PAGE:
Teen accused in Pinecrest stabbing transfers to detention center ahead of court date

A teenager accused of stabbing a student at Pinecrest High School on April 28 was booked into the Moore County Detention Center on Thursday ahead of an upcoming court date after being transferred from another facility. 

Former Pinecrest student, Christopher Tarter, with a listed address in Gibsonville, N.C., who just turned 18 years old, is under a $2 million secured bond on charges of attempted first-degree murder, assault with a deadly weapon with intent to kill inflicting serious injury, and possession of a weapon on school property, according to Moore County Detention Center’s website. 

Avery Slatcher, a junior at the time, was left in critical condition and required several surgeries after being stabbed 18 times. School officials said it was an isolated incident.

While it is not normal protocol to identify a minor, the identity of Slatcher was made public by social media and fundraising efforts. A fundraising event through GoFundMe has raised $86,383 of a $75,000 goal.

At the May 1 school board meeting, Mike Metcalf, chief officer for academics and student support services, said the stabbing happened in the back auditorium parking lot between 8:30 and 8:45 a.m. There was a lot of activity in the parking lot at the time.

Metcalf relayed the entire event to the school board. He said the suspect was dropped off in the parking lot, and Slatcher was in the parking lot getting out of her car.

When she got out of her car, the suspect allegedly stabbed her several times with a large knife. She fought back, and the suspect allegedly tried to get into the girl’s car, but a student backed his car against her car, so the suspect could not get inside. The suspect ran into the woods, according to Metcalf.

The assistant principal and a counselor saw the disturbance, and the assistant principal radioed for assistance and emergency services while five students reacted to help the girl. One student took off his shirt to provide pressure to the multiple lacerations, and other students called 911.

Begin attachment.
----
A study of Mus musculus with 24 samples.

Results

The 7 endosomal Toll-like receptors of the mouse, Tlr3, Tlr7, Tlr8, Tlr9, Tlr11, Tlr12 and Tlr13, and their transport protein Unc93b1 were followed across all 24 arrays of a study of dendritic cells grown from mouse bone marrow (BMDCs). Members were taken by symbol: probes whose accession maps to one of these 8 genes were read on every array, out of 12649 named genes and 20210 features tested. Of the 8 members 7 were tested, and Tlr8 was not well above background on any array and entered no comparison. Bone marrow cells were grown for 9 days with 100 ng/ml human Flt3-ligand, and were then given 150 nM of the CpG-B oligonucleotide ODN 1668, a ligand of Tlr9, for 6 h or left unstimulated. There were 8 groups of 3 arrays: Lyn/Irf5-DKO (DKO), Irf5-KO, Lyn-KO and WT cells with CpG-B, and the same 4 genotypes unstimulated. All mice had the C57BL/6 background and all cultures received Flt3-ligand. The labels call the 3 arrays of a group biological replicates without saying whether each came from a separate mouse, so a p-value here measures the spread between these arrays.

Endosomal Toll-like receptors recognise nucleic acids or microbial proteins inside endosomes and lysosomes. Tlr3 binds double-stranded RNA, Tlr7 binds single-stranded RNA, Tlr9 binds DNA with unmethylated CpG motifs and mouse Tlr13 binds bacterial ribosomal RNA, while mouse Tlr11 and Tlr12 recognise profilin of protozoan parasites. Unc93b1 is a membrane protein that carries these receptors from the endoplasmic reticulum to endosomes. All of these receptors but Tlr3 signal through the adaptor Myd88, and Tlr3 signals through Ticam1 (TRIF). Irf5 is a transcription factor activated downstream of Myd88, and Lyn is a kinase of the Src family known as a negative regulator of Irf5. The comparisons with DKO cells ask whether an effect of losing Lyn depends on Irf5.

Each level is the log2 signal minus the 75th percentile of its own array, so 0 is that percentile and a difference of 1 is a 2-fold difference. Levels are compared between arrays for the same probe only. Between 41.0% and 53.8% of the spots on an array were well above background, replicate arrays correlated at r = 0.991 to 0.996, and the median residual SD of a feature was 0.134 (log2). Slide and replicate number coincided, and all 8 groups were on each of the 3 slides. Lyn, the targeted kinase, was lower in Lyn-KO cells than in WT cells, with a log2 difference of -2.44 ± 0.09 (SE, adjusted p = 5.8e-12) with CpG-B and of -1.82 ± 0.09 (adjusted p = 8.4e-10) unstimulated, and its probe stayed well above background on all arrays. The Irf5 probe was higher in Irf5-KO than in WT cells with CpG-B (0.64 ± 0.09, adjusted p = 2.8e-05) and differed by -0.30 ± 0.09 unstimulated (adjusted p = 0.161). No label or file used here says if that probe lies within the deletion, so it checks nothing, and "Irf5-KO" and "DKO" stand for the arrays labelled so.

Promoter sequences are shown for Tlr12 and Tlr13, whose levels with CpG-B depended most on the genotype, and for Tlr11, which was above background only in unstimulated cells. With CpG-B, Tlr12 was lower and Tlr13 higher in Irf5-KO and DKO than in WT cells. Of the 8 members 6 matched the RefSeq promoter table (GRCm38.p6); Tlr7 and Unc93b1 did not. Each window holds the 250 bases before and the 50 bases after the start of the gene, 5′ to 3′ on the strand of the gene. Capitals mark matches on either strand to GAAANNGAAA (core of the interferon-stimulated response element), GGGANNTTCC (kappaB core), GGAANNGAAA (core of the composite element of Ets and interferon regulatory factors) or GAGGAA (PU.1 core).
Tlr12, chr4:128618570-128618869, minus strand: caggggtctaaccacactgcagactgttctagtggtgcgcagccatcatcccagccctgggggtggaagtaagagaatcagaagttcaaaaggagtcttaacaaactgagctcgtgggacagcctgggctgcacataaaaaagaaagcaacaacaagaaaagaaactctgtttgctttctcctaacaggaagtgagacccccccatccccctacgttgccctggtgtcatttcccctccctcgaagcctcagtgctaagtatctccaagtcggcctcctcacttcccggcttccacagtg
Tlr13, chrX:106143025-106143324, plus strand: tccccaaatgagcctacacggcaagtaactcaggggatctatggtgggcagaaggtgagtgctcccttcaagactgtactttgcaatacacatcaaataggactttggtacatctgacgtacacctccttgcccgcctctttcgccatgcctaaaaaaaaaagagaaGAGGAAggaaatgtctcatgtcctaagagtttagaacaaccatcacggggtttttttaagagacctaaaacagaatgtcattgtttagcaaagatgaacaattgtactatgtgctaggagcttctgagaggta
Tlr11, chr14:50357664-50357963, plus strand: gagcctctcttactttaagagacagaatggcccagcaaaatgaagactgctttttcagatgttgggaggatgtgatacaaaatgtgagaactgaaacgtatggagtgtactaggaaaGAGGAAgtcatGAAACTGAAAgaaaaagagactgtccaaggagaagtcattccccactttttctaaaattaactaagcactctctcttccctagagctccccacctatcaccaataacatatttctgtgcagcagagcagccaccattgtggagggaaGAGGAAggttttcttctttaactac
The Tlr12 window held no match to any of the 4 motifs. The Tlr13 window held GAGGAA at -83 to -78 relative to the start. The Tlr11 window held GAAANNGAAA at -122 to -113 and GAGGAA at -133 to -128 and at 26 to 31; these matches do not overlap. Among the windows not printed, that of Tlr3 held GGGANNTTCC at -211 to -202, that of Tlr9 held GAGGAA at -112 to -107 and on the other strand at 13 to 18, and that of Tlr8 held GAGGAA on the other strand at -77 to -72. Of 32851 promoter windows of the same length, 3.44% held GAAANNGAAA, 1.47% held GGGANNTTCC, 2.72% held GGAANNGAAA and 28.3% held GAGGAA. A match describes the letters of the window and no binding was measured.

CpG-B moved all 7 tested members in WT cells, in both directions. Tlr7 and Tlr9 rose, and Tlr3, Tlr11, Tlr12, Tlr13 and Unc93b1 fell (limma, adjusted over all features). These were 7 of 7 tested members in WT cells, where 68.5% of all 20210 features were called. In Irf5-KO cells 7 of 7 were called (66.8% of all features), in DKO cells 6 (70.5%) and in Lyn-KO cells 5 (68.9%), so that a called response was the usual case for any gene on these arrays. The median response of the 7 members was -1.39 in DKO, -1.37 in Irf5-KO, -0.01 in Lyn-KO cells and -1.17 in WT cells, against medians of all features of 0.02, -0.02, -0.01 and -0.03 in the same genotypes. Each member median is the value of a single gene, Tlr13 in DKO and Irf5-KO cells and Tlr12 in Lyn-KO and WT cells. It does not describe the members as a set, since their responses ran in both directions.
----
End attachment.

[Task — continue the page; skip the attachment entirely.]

The assistant principal and a teacher took over the medical care, and the principal replaced the student who was applying pressure, said Metcalf.

The school nurse arrived with an automatic external defibrillator kit and trauma kit, and a career education teacher in the medical field arrived, and they packed the deep wounds.

School resource officers and a counselor ran into the woods and apprehended the suspect without resistance. Tarter was taken to a juvenile detention center in North Carolina.

The weapon was near Slatcher, Metcalf added.

EMS arrived and, with the school nurse, applied tourniquets to the girl. The school nurse traveled with EMS to the hospital.

An assistant principal and staff controlled parking lot traffic and cleared the scene, providing easier access for the police.

Another assistant principal applied a modified lockdown to the campus.

The district’s critical incident response team arrived to help as counselors.

Tarter has a court date on Dec. 11 and is presumed innocent until proven guilty.

Photo of Christopher Tarter via Moore County Detention Center.

~Article by Sandhills Sentinel reporter Stephanie M. Sellers and staff.